Obama Hits the Campaign Trail With Clinton: ‘I Want You to Elect Her’

By Denisse Moreno, Epoch Times
July 5, 2016 Updated: July 5, 2016

President Obama said he is “ready to pass the baton” to Clinton, during his first appearance alongside Democratic presidential candidate Hillary Clinton in Charlotte, North Carolina, on July 5.

“I’m here because I believe in Hillary Clinton,” said Obama in his first outing on the campaign trail this year. “And I want you to elect her to be the next president of the United States.”

It has been years since Obama and Clinton went head-to-head for the 2008 Democratic presidential nomination, in a “hard fought primary” as Clinton described it. After losing to Obama, she stepped out of his way and endorsed and campaigned for him. Now the president is doing the same for his colleague.

“There has been no man or women more qualified to be president than Hillary,” said Obama.

The president reminisced on the time they were rivals, admitting he was losing in the first half of the primary to a smart and prepared Clinton.

“I always had to be on my game,” he said.

Clinton admitted that she was surprised when Obama called on her to be secretary of state.

“We may have gone toe-to-toe, but we stood shoulder to shoulder,” Obama said, adding: “She was a great secretary of state.”

CHARLOTTE, NC - JULY 05:  Democratic presidential candidate Hillary Clinton and U.S. President Barack Obama greet supporters during a campaign rally on July 5, 2016 in Charlotte, North Carolina. Today is President Obama's first appearance on the campaign trail with Clinton. (Photo by Justin Sullivan/Getty Images)
Democratic presidential candidate Hillary Clinton and U.S. President Barack Obama greet supporters during a campaign rally on July 5, 2016, in Charlotte, North Carolina. Today is President Obama’s first appearance on the campaign trail with Clinton. (Justin Sullivan/Getty Images)

Clinton expressed her gratitude for Obama’s endorsement.

“It means so much to me personally to have the president’s support in this campaign,” she said, calling him a “friend” whom she was “honored to stand with in the good times and bad times.”

Clinton praised Obama’s eight years of presidency and said “We still have a lot of work to do,” adding that the job is now “building on the progress President Obama has made.”

He praised Clinton for her work as a senator and secretary of state, adding that she had participated in meetings where decisions had been made.

Clinton and Obama are uniting to defeat presumptive Republican presidential candidate Donald Trump.

The Democratic candidate took a shot at Trump saying he was unfit and too temperamental to be president.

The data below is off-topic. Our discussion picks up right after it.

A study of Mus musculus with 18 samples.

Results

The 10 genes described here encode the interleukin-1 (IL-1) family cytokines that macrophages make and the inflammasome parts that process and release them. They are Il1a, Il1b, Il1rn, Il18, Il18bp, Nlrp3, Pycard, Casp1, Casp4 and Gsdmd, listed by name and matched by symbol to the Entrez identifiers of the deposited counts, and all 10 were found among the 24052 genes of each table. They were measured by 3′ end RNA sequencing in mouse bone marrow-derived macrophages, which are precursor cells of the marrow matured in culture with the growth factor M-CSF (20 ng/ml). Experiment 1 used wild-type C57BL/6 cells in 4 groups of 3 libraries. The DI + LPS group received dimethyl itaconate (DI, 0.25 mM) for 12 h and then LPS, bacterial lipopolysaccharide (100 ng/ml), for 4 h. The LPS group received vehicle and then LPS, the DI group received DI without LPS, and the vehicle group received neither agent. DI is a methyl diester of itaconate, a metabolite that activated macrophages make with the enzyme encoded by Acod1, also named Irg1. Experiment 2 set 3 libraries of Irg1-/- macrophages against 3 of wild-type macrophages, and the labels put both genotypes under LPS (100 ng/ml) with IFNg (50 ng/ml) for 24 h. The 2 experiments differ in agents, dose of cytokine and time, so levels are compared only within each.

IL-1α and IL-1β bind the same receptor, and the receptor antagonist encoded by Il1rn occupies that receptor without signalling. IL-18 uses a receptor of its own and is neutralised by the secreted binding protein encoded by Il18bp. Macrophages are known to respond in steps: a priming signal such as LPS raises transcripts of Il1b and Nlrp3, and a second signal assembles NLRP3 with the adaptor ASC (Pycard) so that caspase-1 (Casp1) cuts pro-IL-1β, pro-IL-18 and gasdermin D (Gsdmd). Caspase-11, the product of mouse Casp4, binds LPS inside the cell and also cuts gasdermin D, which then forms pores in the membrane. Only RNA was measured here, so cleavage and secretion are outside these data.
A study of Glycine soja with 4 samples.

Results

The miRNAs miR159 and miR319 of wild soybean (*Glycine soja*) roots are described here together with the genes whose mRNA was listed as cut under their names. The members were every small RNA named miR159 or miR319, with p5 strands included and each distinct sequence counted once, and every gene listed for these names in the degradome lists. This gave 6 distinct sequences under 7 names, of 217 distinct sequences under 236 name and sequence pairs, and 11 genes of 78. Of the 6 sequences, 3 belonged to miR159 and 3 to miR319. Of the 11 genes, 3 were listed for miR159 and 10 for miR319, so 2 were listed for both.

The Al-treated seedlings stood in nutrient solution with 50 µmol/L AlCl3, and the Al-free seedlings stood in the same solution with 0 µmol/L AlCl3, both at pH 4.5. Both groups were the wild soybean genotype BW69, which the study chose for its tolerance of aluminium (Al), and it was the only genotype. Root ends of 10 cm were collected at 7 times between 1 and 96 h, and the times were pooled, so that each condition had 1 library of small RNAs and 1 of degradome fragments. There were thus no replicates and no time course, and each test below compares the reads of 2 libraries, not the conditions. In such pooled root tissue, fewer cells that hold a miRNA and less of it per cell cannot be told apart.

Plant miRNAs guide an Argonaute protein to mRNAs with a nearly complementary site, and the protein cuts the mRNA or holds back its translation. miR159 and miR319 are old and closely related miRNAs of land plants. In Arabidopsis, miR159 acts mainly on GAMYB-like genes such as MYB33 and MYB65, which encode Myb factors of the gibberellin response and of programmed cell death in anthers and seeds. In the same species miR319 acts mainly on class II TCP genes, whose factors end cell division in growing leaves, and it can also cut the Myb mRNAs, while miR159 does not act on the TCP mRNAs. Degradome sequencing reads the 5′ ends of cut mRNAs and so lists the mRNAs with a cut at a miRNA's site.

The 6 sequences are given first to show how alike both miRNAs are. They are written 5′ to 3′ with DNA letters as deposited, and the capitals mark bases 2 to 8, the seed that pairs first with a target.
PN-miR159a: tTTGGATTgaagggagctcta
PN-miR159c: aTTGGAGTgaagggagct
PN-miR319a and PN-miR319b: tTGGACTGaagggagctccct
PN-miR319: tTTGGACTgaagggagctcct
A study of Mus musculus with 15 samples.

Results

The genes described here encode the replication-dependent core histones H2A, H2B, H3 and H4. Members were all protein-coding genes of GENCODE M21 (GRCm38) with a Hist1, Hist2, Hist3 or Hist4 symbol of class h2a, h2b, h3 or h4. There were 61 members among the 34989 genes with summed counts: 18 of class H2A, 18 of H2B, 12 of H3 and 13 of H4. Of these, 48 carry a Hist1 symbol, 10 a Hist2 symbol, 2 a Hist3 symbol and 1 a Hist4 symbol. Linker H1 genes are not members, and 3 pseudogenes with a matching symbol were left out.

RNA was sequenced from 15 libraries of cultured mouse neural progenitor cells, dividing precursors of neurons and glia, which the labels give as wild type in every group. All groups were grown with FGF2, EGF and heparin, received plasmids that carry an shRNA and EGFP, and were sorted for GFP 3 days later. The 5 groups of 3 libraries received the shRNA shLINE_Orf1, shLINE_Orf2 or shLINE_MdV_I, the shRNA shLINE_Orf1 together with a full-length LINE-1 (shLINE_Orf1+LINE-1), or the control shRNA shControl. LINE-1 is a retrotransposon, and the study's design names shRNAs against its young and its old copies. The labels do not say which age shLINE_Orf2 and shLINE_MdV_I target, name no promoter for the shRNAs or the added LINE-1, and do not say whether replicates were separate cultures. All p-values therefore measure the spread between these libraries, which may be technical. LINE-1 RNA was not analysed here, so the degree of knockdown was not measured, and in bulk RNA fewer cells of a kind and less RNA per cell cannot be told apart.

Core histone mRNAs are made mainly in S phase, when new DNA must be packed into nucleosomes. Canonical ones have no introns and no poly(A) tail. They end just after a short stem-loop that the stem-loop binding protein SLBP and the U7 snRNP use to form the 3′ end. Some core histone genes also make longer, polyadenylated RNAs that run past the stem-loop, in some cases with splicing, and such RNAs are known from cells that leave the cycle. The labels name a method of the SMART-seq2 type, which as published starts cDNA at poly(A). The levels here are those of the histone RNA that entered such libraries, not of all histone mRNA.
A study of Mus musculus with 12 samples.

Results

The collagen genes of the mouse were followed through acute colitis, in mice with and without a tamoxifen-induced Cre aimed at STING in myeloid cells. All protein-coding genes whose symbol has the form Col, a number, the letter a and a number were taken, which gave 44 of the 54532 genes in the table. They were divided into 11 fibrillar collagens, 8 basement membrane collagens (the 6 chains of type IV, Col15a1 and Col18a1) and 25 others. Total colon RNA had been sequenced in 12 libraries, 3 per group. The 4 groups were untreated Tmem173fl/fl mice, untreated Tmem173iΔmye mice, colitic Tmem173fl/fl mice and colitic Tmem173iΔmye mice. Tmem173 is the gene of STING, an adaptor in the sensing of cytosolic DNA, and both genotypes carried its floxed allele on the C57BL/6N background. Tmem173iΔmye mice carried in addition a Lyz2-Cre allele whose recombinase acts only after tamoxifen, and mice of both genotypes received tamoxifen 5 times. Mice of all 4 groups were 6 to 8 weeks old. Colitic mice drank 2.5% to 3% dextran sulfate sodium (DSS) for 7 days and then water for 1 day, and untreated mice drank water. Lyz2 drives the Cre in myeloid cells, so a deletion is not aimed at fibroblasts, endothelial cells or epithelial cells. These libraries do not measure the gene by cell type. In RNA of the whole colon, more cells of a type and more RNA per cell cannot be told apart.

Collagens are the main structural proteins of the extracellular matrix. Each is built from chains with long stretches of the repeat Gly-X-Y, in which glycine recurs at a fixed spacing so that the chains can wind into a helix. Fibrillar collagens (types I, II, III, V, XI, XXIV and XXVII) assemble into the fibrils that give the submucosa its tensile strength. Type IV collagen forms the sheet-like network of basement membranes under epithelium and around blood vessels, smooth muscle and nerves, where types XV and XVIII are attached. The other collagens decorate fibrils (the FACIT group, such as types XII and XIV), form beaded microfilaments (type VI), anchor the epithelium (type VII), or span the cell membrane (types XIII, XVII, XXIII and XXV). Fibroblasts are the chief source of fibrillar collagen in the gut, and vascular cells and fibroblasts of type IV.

Obama also attacked Trump saying, “Everybody can tweet, but nobody knows how to do the job until you sit behind the desk.”

“The other side’s got nothing to offer you,” said the president, adding that Clinton’s policies will help Americans.

“Even the Republicans on the other side don’t know what the guy is talking about.”

The crowd booed when Obama spoke about Trump.

“Don’t boo, vote. Booing doesn’t help, you need to vote.”

CHARLOTTE, NC - JULY 05:  Democratic presidential candidate former Secretary of State Hillary Clinton walks off of Air Force One with U.S. president Barack Obama on July 5, 2016 in Charlotte, North Carolina. Hillary Clinton is campaigning with president Obama in North Carolina.  (Photo by Justin Sullivan/Getty Images)
Democratic presidential candidate former Secretary of State Hillary Clinton walks off of Air Force One with U.S. president Barack Obama on July 5, 2016, in Charlotte, North Carolina. (Justin Sullivan/Getty Images)

The former secretary of state traveled to North Carolina with Obama aboard Air Force One, which immediately drew criticism from Trump, who was also campaigning in that state.

He went on Twitter saying, “Why is President Obama allowed to use Air Force One on the campaign trail with Crooked Hillary? She is flying with him tomorrow. Who pays?”

The joint appearance of Obama and Clinton comes just hours after FBI Director James Comey announced that the agency recommends no criminal charges in the presidential candidate’s private email investigation.

Comey said there is “no clear evidence” Clinton and her staff intended to violate laws, but said she was “extremely careless in handling classified information.”

“We cannot find a case that would support bringing criminal charges on these facts,” he said.

The FBI interviewed Clinton for three and a half hours on Saturday.